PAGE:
Posted on February 22, 2024

Dear Chancellor of the Exchequer,

I am writing to you as Chair of the Special Interest Group of Municipal Authorities (SIGOMA) to call for the Household Support Fund to be extended beyond March 2024.

SIGOMA represents 48 local authorities located in the North, Midlands and South Coast of England. The communities our member authorities serve are typically more deprived, with 44 of our 48 authorities in the lower half of the Deprivation Ranking with 13 of the most deprived decile being SIGOMA members, including the top 6 most deprived.

SIGOMA received 32% of the Household Fund in 2023-24, over £250 million. The Household Support Fund has become a lifeline for the communities our local authorities represent, helping the most deprived and vulnerable households access the essentials and support they need.

Our members have been able to utilise the Household Support Fund to provide support that is tailored to the needs of their local community.

For example, in Derby the Household Support Fund has been used to set up 46 ‘warm welcome’ community venues, providing residents with information and support with food and energy.

In Blackburn with Darwen, the funding has been used to set up a School Food Grant, which has supported schools to offer more children free healthy snacks, set up breakfast clubs and provide subsidised meals to vulnerable children. This has already had a positive impact on pupils, with schools reporting an increase in concentration and good behaviour.

In Kirklees, their Household Support Fund has been used to support foodbank provision. These foodbanks have been able to provide more than food with the additional funding, offering residents advice on welfare benefits with the aim of empowering them with the resources they need to improve their overall wellbeing.

In Southampton, the funding has been used to support low-income households with food after a survey early last year found 41% of residents reporting food insecurity.

Other schemes our members have put in place include free school meals in the school holidays; supermarket vouchers for residents on low incomes; energy vouchers; new boilers for residents; the provision of white goods, carpets, bedding and furniture; cost of living payments for residents on low incomes and support for tenants to ensure security of tenure.

As a result, our members have supported hundreds of thousands of households through the cost of living. In Liverpool, the council has been able to call upon its existing Poverty Action Group, a partnership between council departments and external agencies such as Citizens Advice, Feeding Liverpool and End Furniture Poverty, to deliver support through the Household Support Fund to over 140,000 households via 16 separate initiatives.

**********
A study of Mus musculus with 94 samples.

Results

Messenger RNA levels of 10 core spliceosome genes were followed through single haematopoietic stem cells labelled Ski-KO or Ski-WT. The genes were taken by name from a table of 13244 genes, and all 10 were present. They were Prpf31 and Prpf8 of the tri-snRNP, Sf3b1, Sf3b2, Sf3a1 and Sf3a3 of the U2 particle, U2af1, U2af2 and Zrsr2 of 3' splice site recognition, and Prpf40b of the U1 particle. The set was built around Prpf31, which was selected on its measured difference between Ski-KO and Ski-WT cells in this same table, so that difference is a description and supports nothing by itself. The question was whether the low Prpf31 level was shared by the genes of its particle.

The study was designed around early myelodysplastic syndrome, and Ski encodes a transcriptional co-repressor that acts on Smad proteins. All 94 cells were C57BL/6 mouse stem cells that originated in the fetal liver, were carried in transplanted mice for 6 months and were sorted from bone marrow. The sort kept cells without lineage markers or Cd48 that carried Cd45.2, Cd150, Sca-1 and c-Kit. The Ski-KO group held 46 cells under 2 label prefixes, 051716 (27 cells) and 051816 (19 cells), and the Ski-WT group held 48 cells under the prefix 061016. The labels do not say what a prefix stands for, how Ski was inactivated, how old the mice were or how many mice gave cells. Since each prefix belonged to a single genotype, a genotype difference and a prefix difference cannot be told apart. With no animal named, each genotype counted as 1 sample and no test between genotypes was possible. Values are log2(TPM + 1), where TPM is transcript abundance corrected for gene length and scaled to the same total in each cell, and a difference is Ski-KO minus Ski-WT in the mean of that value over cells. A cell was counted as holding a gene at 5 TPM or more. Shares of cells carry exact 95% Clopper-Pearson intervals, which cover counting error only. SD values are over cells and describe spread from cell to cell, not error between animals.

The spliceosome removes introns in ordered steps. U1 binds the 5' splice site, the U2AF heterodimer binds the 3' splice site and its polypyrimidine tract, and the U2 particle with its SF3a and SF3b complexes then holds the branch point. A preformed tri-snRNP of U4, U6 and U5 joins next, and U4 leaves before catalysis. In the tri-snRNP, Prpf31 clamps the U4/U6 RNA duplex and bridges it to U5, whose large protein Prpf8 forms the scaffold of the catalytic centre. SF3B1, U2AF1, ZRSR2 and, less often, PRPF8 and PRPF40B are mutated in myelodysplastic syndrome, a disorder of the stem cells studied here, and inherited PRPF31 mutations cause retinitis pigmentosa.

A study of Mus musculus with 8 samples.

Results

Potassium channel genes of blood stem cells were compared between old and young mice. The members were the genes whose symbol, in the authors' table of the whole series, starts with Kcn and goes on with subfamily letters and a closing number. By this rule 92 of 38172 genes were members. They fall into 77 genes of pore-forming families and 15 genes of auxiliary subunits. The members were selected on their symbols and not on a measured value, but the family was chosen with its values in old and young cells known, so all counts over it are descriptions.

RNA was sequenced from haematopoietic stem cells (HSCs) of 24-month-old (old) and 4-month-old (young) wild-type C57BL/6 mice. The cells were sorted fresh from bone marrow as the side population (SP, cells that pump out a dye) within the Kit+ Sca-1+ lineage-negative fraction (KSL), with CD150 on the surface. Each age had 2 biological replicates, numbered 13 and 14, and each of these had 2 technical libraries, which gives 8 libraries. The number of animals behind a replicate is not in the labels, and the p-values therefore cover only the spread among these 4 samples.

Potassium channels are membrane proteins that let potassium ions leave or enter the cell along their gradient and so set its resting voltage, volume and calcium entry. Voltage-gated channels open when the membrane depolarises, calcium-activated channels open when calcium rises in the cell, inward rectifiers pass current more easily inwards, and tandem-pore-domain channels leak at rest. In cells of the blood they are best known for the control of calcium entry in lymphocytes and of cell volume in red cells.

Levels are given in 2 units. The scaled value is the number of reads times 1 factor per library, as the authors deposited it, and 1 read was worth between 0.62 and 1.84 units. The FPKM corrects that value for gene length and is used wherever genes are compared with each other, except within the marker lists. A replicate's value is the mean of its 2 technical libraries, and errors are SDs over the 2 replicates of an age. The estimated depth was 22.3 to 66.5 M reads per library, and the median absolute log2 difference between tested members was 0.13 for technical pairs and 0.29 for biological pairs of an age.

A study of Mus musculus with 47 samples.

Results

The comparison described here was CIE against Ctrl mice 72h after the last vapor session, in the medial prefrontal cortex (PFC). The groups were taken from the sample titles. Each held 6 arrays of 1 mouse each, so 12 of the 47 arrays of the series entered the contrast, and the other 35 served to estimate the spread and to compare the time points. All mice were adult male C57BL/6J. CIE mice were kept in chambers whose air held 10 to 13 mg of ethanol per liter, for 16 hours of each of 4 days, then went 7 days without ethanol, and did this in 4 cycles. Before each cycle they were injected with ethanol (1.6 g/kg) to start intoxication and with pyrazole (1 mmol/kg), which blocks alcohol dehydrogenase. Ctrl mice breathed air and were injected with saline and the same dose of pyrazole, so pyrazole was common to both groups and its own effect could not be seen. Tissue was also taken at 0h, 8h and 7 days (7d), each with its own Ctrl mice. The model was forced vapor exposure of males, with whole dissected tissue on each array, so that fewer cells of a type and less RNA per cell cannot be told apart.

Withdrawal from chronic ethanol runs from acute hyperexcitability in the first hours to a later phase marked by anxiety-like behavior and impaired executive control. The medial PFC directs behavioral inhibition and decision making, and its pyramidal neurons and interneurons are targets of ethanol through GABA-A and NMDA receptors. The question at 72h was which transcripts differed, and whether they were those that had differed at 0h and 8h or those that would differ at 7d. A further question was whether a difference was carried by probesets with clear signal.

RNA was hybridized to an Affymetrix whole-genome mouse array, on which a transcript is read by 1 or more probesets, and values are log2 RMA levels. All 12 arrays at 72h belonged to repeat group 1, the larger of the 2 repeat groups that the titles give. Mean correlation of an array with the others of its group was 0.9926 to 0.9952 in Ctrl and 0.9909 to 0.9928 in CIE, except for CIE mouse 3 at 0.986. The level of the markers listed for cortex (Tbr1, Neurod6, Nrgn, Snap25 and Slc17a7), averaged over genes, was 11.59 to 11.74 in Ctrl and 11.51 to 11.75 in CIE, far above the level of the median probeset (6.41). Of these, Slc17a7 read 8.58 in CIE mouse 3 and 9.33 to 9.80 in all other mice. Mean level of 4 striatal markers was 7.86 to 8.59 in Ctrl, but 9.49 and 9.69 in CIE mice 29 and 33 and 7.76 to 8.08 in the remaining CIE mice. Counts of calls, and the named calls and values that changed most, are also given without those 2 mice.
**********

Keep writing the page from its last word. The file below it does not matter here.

In Rochdale, over 24,000 households have been supported through the schemes funded by the Household Support Fund.

And in Bolton, 200 families have been supported over a 3-month period to buy the essentials they need for a new baby. In Barnsley, the average household applying to the Household Support Fund has benefitted from £685 for housing costs and £125 for energy costs.

These numbers are not insignificant, and the end of the Household Support Fund would mean the end of the vital support these households have depended on.

But through the implementation of their Household Support Fund schemes, councils have provided much more than short-term, emergency support for residents. Local authorities have used this funding as an opportunity to address the long-term needs of residents.

For example, expanded welfare and benefits advice in Salford, has brought in financial gains for residents totalling £50,000, providing those households with the resources they need to put themselves on a more sustainable footing.

And in Newcastle, the Household Support Fund has been delivered closely with local partners. Only 3% of applications through these advice agency partners ended with the agency planning to take no further action to support the resident beyond the Household Support Fund application, indicating that residents are receiving additional support to address their long-term needs.

Despite this long-term help, our members are continuing to see an increase in demand for support, with new residents approaching them for assistance.

The need for the Household Support Fund will not end in March 2024.

But our members will not have the funding required to plug the gap left by the Household Support Fund were it to end in March 2024. They will have to end the schemes they have put in place and residents will no longer be able to access the support that has been a lifeline to so many households.

In Durham, the cessation of the Household Support Fund would reduce actual support across residents by over £9 million. Along with the loss of the Government’s cost of living payments, this is a loss of income of up to £900 per eligible individual.

SIGOMA members have seen their funding cut by government in real-terms by 23.3% since 2010-11. A lack of adequate funding and tightly squeezed budgets mean that funding such as the Household Support Fund is pivotal in providing the most basic essentials to residents.

The impact of ending the Household Support Fund would be disastrous. A failure to continue the Household Support Fund will leave the communities our members serve facing hardship and will squeeze local authority budgets even further as demand for other services increase in the absence of support through the Household Support Fund.

We urge you to make the continuation of the Household Support Fund a priority in the upcoming Spring Budget. Otherwise, our members, serving the most deprived communities, will be the ones forced to pick up the cost for the harmful consequences of ending the Fund.

Yours Sincerely,

Cllr Sir Stephen Houghton CBE

Read coverage of our letter in the Municipal Journal.